Special Feature: Commencement 2010
Where There's a Wheel, There's a Way
A student with quadriplegia who never says ‘I can’t’ to receive master’s degreeJune 15, 2010
EVANSTON, Ill. --- In 2004 Northwestern University student Craig Yunker, a quadriplegic, sat in a hospital bed while doctors debated whether to amputate his foot after a cut grew severely infected. That same day, Christopher Reeves died of complications resulting from the same ailment.
"All I could think was: I've got what killed Superman," he recalled, thankful the infection cleared and no amputation was necessary. "Let's just say it was a bad day."
Six years later, with the support of faculty, classmates and mentors, Yunker prepares to graduate with a master's degree in counseling psychology from The Family Institute at Northwestern University. Yunker completed what is typically a three-year program in eight years with great success in every respect, according to his instructors.
"Craig's determination made us want to open ourselves to him," said Lenore Blum, Yunker's academic advisor and director emeritus of the counseling psychology program. "At times we broke rules and made exceptions, but he rewarded us by being an extraordinary student."
In addition to coursework, students in the program see multiple clients in a therapeutic capacity.
"Craig is an excellent clinician," said Kathy Bingham, his clinical supervisor at The Family Institute. "He cares deeply about his clients and invests much thought and reflection into how he can assist them."
After graduation, Yunker will work for the Regional Transit Authority (RTA) in Chicago implementing programs and policies that help disabled people use public transportation. He especially hopes his efforts will aid veterans, as his best friend is a doctor who currently is serving in Iraq.
He plans to continue mentoring people -- particularly adolescents -- because he says that while nothing makes his pain go away, working with teens makes it worthwhile.
For Yunker -- who employs a live-in, full-time caregiver -- each day is filled with challenges many people will never experience. Assignments take significantly longer to complete when every paper, email and clinician note must be typed one key at a time. Sitting all day can create serious and uncomfortable physical problems.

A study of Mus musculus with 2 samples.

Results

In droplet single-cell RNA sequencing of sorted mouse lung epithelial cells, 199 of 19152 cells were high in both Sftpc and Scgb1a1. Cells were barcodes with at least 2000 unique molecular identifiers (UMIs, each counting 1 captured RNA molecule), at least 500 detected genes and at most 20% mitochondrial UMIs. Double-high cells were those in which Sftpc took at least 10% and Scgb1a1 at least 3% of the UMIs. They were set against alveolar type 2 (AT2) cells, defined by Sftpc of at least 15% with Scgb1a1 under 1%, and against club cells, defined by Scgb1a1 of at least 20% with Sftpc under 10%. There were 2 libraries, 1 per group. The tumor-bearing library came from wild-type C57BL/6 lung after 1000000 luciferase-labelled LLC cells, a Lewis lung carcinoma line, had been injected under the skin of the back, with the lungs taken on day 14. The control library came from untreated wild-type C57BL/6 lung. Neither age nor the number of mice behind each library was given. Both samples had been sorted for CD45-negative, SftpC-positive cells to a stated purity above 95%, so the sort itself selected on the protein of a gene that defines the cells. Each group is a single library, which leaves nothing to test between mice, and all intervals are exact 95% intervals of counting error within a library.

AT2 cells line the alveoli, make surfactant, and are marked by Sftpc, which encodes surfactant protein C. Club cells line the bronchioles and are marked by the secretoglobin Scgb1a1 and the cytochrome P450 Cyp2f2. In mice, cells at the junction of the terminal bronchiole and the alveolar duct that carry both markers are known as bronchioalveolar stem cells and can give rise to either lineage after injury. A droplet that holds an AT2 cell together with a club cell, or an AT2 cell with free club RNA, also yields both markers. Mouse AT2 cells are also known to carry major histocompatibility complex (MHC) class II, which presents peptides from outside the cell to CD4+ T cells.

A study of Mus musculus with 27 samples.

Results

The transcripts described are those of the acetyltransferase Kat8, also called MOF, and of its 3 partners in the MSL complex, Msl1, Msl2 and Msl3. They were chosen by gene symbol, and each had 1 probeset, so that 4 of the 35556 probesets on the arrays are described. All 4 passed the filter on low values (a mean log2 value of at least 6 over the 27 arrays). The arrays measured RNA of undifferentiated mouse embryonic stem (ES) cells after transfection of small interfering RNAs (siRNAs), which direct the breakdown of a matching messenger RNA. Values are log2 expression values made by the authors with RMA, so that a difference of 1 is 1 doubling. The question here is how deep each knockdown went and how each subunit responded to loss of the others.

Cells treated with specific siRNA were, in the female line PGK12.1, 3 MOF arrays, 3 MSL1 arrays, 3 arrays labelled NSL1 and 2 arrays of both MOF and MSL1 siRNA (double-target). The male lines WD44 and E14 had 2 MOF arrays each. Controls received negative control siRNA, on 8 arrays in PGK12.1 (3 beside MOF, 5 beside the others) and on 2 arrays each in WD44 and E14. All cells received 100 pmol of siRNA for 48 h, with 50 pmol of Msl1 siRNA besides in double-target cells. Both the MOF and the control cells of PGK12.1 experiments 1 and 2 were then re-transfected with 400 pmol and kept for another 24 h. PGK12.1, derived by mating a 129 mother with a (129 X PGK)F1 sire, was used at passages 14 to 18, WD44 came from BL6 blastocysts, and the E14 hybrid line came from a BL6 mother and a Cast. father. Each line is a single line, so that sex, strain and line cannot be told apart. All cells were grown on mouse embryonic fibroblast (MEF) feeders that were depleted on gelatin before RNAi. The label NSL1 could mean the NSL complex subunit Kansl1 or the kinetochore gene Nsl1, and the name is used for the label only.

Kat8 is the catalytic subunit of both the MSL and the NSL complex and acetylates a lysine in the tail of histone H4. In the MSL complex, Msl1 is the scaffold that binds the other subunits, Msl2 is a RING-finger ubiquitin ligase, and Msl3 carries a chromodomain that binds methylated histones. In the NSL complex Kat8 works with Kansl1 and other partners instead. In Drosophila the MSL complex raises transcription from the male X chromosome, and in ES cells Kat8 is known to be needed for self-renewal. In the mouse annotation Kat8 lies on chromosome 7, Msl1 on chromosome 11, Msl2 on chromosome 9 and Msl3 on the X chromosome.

Yunker believes angels -- those in human form -- saved him on more than one occasion. He recalled the day he was outside at the back of The Family Institute on a crisp day, taking a 10-minute break between clients, when his wheelchair suddenly stopped working. Coincidentally, Dan, his wheelchair repairman -- who lives an hour away -- was only a block away then. He got the chair working again with two minutes to spare.
"As a wheelchair user, I've learned to never take the path of least resistance. It's almost always downhill," he joked.
"I've never heard him say, ‘I can't' or ‘I won't'," said Blum. "He was expected to complete the same work as everyone else, and though it may have taken longer, he did it."
Yunker, who comes from a family of teachers and mentors, says a desire to connect with people is in his blood. He heard about the Northwestern program in 2002 -- two weeks before the application deadline. He quickly took the Graduate Record Examination (GRE), completed the school's entrance test and submitted necessary materials.
Upon admittance, however, he said he felt like a mutt who stumbled into the Westminster Dog Show. "I promptly fell flat on my face, because I was totally unprepared for the physical and mental challenges that were required to earn my degree. It was a long, hard process getting to where I am now."
"For all students, this program is emotionally and physically draining," said Blum. "He needed time to adjust to this demanding lifestyle, and we needed to learn how to best help him."
He was emphatic that he doesn't want his graduation to be a celebration of him and what he has accomplished. "Rather, it should be a recognition of the ways in which my ‘angels' have made it possible for me to become someone who can meet others' needs." Yunker intends to carry this same spirit into his work with the RTA when he starts his job in July.
Yunker's determination stems in large part from losing his father to cancer at age 15. Before his father passed away, Yunker promised to make his dad proud - a promise he takes seriously. "I don't think I'm there yet," he said regarding his promise, "but I will never stop trying because it's an endless source of inspiration for me."
Yunker's accident happened 16 years ago when he led a mission trip in Jamaica. Running into the ocean, he tripped, hit his head on a sand dune and broke his neck. A state champion body-builder at the time, he recalls a very dark time in his life for many years following.
"I lost my relationship with my body," he said. "It was like the lights went out, and they were never going to be turned on again."
After spending years staring at the wall in his mother's basement, a television show about caged parrots prompted a change. He went back to school to receive an associate's degree and then graduated from the University of Illinois at Urbana-Champaign with a bachelor's degree in business and computer science before coming to Northwestern.
"Craig reminds us there is huge diversity in terms of what others encounter in their daily lives," said Bingham. "Knowing him makes our environment richer."
When asked how he will feel on graduation day, Yunker replies with a smile, "I will feel proud to join the ranks of those that have come before me and enabled me to get this far."
Then adds, "I just hope the robe doesn't get caught in my wheel."